Originally Published: 2017-01-14
To adapt the 50mm bracket to the single center hole on the Surly rack, you can use this $5 part from Planet Bike. Since this already has a clip protruding for attaching a Planet Bike Blinky light, it won’t mount flush to the 50mm bracket without some work. Either you can dremel off the clip, or you can be lazy and do what I did and just mount the Planet Bike bracket backwards onto the rack, so that the flat side can be used to mount flush to the Varia bracket. Basically you use a long M5 screw in the center hole, then use the two sets of M5 screws, nuts, and washers that come with the Planet Bike bracket to sandwich the two brackets together like so:
Once that’s done you can spin the whole assembly to screw it into the Surly rack. Success!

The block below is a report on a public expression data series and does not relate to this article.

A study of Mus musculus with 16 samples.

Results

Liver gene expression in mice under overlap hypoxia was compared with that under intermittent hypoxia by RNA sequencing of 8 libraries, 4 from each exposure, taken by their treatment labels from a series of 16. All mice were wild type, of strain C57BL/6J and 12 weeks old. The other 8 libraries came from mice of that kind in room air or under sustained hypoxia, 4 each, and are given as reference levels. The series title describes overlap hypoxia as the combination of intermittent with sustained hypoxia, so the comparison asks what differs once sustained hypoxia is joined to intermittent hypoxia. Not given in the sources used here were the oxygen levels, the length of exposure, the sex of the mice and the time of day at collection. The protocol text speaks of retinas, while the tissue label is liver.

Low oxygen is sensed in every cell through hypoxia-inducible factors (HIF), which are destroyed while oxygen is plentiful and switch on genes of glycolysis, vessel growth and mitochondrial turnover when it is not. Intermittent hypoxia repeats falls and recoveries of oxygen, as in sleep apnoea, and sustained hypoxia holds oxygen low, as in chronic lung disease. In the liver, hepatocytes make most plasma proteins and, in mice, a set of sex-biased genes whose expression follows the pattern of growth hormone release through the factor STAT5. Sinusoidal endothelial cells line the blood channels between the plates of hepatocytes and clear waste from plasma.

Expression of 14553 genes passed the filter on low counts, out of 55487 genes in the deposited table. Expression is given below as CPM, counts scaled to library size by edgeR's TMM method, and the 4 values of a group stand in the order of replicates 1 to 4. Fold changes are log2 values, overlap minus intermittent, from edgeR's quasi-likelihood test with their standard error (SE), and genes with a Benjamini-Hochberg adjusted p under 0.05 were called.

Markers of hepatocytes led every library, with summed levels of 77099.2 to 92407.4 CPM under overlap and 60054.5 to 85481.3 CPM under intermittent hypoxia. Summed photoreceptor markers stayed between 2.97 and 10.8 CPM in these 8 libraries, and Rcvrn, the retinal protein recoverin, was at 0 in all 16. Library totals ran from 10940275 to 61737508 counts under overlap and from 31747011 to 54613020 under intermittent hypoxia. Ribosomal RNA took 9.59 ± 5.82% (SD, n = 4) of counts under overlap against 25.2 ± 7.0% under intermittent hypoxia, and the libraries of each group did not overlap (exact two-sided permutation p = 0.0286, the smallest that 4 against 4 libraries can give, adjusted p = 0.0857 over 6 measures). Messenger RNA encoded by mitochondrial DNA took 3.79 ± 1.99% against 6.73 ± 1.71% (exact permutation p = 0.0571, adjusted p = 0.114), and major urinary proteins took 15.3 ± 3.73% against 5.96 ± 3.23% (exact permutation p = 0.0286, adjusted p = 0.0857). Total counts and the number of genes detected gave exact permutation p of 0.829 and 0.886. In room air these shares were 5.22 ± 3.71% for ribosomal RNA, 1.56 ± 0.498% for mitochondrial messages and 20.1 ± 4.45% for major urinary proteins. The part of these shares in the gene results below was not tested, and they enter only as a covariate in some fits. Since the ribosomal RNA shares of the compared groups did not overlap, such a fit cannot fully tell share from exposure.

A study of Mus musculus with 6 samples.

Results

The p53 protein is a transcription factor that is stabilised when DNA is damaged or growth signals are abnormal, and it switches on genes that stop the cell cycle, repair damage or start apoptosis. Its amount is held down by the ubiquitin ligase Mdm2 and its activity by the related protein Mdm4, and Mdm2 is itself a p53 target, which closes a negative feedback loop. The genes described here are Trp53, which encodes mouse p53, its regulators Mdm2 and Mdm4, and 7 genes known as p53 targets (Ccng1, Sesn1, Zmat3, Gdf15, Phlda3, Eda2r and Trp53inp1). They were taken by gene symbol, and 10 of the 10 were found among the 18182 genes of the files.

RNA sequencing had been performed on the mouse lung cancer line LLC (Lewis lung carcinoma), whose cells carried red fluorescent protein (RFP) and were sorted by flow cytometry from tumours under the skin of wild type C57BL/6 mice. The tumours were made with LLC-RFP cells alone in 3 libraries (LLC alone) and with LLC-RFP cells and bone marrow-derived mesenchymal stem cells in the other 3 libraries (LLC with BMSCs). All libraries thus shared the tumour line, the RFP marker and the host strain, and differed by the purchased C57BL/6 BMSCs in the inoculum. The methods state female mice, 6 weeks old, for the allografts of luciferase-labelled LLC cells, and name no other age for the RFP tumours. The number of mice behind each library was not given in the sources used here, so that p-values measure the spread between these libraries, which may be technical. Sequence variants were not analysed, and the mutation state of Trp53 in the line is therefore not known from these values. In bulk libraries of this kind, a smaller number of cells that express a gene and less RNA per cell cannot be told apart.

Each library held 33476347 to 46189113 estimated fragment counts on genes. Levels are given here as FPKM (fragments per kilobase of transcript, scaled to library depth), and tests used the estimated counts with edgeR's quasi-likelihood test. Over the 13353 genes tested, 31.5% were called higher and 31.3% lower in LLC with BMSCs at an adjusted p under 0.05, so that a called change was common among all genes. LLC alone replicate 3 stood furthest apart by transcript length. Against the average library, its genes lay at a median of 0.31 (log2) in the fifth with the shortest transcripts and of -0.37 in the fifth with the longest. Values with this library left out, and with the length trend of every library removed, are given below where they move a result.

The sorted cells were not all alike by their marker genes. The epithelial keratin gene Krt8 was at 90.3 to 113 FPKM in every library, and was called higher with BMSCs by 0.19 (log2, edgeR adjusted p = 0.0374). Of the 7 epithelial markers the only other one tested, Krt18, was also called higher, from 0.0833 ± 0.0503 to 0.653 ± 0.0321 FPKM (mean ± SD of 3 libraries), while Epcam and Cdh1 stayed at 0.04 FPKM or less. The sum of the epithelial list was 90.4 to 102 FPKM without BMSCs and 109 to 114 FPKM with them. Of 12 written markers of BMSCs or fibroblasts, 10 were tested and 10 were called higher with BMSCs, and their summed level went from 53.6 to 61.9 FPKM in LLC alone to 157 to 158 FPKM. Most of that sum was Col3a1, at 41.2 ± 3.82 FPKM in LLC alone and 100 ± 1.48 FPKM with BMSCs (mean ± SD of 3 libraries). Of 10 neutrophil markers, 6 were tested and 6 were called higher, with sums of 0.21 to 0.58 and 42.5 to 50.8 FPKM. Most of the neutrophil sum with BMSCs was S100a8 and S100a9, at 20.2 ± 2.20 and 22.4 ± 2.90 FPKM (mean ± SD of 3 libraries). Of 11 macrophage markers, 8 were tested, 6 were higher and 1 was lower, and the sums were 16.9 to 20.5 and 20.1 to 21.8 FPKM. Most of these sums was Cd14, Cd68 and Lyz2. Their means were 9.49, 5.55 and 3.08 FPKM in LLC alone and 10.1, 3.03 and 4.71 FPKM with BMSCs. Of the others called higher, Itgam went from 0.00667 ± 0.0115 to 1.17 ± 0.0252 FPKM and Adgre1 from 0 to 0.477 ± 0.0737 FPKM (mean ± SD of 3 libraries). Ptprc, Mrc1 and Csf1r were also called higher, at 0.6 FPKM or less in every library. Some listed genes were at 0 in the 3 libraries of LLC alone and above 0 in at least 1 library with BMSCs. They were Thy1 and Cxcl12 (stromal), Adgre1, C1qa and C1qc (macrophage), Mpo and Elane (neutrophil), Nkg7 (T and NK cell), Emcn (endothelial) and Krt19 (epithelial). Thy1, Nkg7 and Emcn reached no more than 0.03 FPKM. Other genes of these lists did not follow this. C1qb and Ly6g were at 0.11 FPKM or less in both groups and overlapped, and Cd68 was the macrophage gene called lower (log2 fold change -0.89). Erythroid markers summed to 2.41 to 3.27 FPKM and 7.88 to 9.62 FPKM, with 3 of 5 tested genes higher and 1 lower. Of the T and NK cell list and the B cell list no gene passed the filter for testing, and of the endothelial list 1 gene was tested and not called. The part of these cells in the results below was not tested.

If you have a really long M5 screw and extra nut, a better approach might be to drop the nut into the Planet Bike bracket center hole before sandwiching the brackets, then screw the bracket sandwich onto the rack by threading the long M5 screw in from the back. I didn’t have a really long M5 screw though, and this works fine.
Overall, so far I’m pretty happy with both the Garmin Varia and the 3D-printed part from Shapeways. Right now I’m using it paired to a Garmin Vivoactive HR with a handlebar mount and it works well. On roads where it’s hard to use road noise to tell when a car is coming up behind you, it gives you some extra information that can be helpful for positioning yourself or preparing for an upcoming turn. You can see a good overview of how all this works in this DC Rainmaker video. Plus, the light is incredibly bright and gets even brighter when something approaches.